Happy New Year. It’s going to rain until May. The landscape is barren. Our next holiday is over a month away. Just when we need the comfort and security of something life-affirming—something that has been here longer than we have, weathering storms and drought—you come around the corner and it’s gone. They cut down the trees. On Milton St. at the corner of Wentworth St., three giants were struck down. In their place are ground down stumps, bloody with sawdust.
We need our urban trees. Their roots may burrow beneath private property, but their branches extend into public space—they belong to us all.
According to Nanaimo’s Economic Development Office, this is one of the most desirable, livable small cities in North America. Part of that is tied to the shape of our communities and the flavour of our neighbourhoods. Livable. One of the things that makes the Old City Quarter so very livable are its very lively, mature trees.
A tree-lined street gives a neighbourhood personality. The Old City Quarter’s esthetic is so pleasing because it’s dotted with towering maple and chestnut, willowy birch, and evergreens. Closer to the ground, Japanese maple and plum sway for our pleasure. Together they shelter our homes from the heat of the summer and then gracefully drop their leaves to let the warmth-giving sun in during the winter.
Yet speculative investors, developers, and new residents attempt to reshape our city in their own image. They want a cleaner landscape. They want a clearer view. Where the money pouring in comes from places where there are no trees, they don’t have any intrinsic value. Is it a coincidence that the property on Milton St. is listed for sale? Is it a coincidence that it has been on the market for a long, long time? No. Were those three trees a deterrent for buyers? Maybe.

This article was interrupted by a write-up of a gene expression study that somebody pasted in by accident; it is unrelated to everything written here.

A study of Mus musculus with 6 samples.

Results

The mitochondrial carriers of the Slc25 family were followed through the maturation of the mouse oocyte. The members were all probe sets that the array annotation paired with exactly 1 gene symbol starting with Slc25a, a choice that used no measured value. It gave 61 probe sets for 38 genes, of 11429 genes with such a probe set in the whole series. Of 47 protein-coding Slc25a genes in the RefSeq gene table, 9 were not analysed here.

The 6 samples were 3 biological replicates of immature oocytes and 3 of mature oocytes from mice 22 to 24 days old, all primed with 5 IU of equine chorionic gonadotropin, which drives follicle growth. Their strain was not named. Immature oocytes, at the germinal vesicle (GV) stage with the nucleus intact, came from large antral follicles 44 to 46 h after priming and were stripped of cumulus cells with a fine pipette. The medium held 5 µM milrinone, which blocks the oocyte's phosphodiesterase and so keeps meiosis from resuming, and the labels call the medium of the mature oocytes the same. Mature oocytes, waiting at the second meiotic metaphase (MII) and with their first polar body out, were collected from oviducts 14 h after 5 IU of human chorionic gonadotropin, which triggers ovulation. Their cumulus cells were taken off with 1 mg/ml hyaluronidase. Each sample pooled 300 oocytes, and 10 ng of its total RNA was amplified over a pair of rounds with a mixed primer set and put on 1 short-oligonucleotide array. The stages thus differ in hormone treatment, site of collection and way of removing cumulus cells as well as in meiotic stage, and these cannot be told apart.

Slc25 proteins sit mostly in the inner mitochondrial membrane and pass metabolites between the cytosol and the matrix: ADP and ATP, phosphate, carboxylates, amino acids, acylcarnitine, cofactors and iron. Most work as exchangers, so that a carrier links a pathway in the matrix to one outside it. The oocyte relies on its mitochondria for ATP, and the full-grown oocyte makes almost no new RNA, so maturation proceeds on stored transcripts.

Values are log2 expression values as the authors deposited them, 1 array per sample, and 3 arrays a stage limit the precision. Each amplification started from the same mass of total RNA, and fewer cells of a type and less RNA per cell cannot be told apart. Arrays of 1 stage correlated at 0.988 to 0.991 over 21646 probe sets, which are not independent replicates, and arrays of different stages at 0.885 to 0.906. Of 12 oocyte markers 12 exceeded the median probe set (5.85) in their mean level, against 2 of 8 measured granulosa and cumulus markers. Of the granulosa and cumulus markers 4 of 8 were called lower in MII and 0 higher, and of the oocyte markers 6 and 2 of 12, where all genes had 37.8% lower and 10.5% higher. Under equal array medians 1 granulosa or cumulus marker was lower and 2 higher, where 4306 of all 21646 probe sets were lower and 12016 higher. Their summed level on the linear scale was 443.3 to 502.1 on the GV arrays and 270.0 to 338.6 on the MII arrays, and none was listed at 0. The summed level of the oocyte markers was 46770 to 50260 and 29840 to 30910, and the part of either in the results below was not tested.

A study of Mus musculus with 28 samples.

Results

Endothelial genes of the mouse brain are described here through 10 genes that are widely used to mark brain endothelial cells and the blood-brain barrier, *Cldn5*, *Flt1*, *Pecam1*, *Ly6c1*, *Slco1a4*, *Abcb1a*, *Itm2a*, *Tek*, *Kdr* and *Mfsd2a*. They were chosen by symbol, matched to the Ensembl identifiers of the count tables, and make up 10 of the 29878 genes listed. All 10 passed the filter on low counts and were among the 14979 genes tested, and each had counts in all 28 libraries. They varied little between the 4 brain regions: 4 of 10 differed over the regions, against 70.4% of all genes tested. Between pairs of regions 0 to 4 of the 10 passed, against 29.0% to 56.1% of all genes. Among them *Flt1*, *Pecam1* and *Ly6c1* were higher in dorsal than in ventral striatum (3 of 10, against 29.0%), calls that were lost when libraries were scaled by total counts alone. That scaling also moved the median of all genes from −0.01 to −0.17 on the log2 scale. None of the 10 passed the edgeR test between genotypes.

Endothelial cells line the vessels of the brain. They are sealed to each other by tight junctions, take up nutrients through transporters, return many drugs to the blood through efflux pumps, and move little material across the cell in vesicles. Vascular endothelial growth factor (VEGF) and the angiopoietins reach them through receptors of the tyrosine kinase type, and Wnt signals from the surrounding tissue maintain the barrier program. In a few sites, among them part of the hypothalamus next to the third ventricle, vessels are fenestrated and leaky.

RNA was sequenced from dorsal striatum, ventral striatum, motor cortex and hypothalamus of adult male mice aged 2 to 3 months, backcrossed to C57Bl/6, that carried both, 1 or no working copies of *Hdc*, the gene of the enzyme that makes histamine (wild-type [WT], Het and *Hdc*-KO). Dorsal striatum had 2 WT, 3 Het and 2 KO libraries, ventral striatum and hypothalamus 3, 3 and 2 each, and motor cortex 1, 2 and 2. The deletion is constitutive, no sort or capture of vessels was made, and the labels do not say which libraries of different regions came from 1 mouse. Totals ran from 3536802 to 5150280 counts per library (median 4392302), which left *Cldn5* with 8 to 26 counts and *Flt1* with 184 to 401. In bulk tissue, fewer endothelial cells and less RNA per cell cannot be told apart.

New development often follows a scorched earth approach: flatten it all, then drop the new pieces into their assigned slots. New trees, young plantings, can have a tough time making it. The vision of the suburbs. Aren’t there enough flattened, ennui-inducing subdivisions in the north end of town? Is this the destiny of the south end?
The City of Nanaimo is pleased to welcome this rampant development. And if a project requires an amendment to zoning bylaws, throw it in front of Council and see the hands raised and lowered in unison, like marionettes, as the motions pass in quick succession. The previous Council enjoyed spending. A lot. The teat it suckled at is desperate for development fees and new taxpayers, and desperate times make strange bedfellows. The cash injection the city needs sits in other provinces and offshore, so our leaders pull back the sheets and invite them to climb in. It remains to be seen whether the new Mayor and Council sworn in this December have the same priorities.
Trees are the timekeepers of the seasons. Their buds signal spring. Their shade brings relief in the summer. Their fall colour ushers in the harvest. Their branches grow bare in the winter and let what little light there is shine through. In the urban environment, we rely on trees to keep us grounded.
The Lorax had it right. Corporate greed consumes nature. Treeless, we’re left in the dust bowls of barren plains. Not so livable anymore, the money will find another small city. And we will be left with nothing.
We take our urban trees at our own peril. In the words of Dr. Seuss, “Unless someone like you cares a whole awful lot, nothing is going to get better. It’s not.”